It’s not a secret that first-person shooters don’t work well on touch screen devices. They have neither the smooth movement of a gamepad nor the precision of a mouse and keyboard. Because of this, many mobile first-person shooters lack any challenge or complexity, things that these games can’t handle simply because the player doesn’t have the means to overcome them; the controls are too disadvantageous. An inspired development team might try to work with these limitations to create a quality FPS unique to mobile devices. Unfortunately for Traitor-Valkyrie Plan this is not the case; it is both a poorly made FPS for Android, and an amateurish game in general.
I played the game with admittedly low expectations and to its credit, the first few minutes left me pleasantly surprised. The main menu looked as if care was put into it, and the mandatory tutorial was concise in explaining the controls. At first they worked; it’s not difficult to walk across a room, nor is it difficult to pick up a gun. And shooting is easy as long as your target is completely stationary and drunk.
But that’s where the positives end. The game tumbles downhill as soon as you engage in combat with a hostile enemy. “Kill the Gestapo before he notices the dead body!” the game demands of you. Where this dead body is, I can’t tell you, but that’s the more innocuous problem. In order to kill the gestapo, you have to go into cover mode, which is activated by tapping the screen at a very precise spot on the wall. Now just lean around the corner and shoot: simple enough. Except that the auto-aim is unreliable in cover mode, and tapping the screen twice to shoot doesn’t work as it’s supposed to. The only way I got past this tutorial bit was by leaning out and then back into cover, causing the agent to step forward but also forget my existence. The motionless agent was then an easy target.
That was just the first encounter in the game, but the tutorial still went on. I now had to knock out a guard with a syringe and take his uniform. Instead I tried to walk past him, but ended up walking right through him, literally. It was not until I walked ten feet that the guard noticed me and my supernatural ability and shot me down. It’s surprising that he killed me, considering I’m a ghost. So I tried again and did it right, at least I think I did. There was no syringe attack animation; the guard just fell down, more proof of my God-given ghostly abilities.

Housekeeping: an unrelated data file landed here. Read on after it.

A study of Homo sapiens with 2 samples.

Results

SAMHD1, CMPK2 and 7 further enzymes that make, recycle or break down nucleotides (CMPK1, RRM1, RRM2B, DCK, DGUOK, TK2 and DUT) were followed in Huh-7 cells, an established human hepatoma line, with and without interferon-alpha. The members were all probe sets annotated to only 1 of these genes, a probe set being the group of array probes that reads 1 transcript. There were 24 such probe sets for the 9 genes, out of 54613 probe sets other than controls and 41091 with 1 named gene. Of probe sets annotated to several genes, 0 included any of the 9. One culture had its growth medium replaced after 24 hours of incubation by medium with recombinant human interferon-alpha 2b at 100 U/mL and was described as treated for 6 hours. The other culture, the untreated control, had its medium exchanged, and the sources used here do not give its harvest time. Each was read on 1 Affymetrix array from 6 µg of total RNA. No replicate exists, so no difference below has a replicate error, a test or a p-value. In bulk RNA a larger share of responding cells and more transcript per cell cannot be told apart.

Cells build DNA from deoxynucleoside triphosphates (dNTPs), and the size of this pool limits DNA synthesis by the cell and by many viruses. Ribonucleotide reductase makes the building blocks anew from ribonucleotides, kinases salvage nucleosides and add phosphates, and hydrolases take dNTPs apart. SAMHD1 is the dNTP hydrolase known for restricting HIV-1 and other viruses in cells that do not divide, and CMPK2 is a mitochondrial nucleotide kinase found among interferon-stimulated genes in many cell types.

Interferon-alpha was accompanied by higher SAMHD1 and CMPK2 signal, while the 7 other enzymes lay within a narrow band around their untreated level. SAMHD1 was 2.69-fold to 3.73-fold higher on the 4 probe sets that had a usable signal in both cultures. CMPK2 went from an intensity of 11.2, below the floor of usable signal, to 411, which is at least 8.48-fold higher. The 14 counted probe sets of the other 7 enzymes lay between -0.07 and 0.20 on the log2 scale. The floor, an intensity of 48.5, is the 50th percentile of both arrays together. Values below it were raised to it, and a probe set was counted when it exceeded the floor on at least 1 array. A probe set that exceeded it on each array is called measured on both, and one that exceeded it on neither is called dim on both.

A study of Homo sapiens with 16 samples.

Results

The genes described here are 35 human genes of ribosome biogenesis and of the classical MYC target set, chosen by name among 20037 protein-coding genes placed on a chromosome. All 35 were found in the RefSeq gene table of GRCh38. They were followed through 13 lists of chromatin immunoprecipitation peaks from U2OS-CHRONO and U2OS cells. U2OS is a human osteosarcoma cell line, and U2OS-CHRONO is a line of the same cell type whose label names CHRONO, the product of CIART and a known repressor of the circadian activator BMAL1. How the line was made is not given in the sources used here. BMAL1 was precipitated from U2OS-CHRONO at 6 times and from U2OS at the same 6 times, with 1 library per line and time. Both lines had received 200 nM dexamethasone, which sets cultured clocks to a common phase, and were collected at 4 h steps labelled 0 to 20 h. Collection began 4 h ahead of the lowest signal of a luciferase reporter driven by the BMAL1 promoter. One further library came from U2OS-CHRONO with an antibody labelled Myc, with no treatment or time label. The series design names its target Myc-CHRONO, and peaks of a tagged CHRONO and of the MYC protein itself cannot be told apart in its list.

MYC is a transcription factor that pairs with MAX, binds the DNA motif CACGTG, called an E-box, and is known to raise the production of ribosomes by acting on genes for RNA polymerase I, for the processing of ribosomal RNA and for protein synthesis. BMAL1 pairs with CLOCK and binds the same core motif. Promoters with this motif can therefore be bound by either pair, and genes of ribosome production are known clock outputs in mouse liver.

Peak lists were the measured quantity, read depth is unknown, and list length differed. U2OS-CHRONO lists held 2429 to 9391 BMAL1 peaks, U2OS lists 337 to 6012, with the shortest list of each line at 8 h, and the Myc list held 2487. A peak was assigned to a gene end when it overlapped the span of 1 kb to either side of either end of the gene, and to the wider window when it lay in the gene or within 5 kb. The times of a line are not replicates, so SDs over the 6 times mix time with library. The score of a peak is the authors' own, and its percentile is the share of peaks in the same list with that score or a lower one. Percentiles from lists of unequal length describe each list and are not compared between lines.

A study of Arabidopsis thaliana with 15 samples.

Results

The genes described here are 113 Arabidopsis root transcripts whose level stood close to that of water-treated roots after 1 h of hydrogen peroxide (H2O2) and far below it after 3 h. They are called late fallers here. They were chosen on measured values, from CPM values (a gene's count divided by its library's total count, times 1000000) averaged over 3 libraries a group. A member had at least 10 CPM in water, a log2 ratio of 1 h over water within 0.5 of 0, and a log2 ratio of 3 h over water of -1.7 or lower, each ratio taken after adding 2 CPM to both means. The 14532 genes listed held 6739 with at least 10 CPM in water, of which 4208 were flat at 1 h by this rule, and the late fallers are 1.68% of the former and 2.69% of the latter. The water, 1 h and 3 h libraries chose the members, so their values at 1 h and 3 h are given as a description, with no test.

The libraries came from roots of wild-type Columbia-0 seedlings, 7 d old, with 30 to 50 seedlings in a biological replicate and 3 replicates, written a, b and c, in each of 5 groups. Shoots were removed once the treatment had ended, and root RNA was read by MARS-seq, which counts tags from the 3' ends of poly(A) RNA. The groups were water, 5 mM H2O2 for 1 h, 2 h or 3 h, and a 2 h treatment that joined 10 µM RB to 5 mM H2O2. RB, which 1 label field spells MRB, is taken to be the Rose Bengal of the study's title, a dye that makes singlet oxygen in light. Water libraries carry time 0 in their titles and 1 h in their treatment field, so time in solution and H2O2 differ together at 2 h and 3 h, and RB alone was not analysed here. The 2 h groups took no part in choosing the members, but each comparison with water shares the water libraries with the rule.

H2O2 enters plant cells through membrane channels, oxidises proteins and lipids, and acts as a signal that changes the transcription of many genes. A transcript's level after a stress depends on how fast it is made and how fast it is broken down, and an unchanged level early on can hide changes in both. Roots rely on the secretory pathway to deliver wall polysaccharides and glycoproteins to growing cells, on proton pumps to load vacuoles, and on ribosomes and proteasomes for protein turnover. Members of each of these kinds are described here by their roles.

The rest of the tutorial went relatively smoothly, and the main game seemed to be an improvement. The first mission is a pseudo-stealth affair, where you can walk freely around the enemies (or through them) at your heart’s content, because of the uniform you stole. But if you’re caught doing anything suspicious the mission is over, and with no checkpoints, you’re back at the start. The lack of checkpoints was the more frustrating aspect of the level, at least until I killed the mission target and the game didn’t recognize that I did so, slamming my progress into a brick wall. I had to go into a basement, but it wouldn’t let me until I completed all the objectives, and the game was oblivious to the fact that I actually did.
I hate to stop playing a game so early, good or bad, but in this case I had to. Traitor-Valkyrie Plan isn’t just a shooter that suffers from the pitfalls of a touch screen control scheme. It goes above and beyond that and fails at the absolute basics. If the incessant typos and poor controls aren’t enough to leave a bad taste in your mouth, then the progress impeding bugs will do it.
Is it Hardcore?
Traitor-Valkyrie Plan is subpar in nearly every respect; not even worth the very low price tag.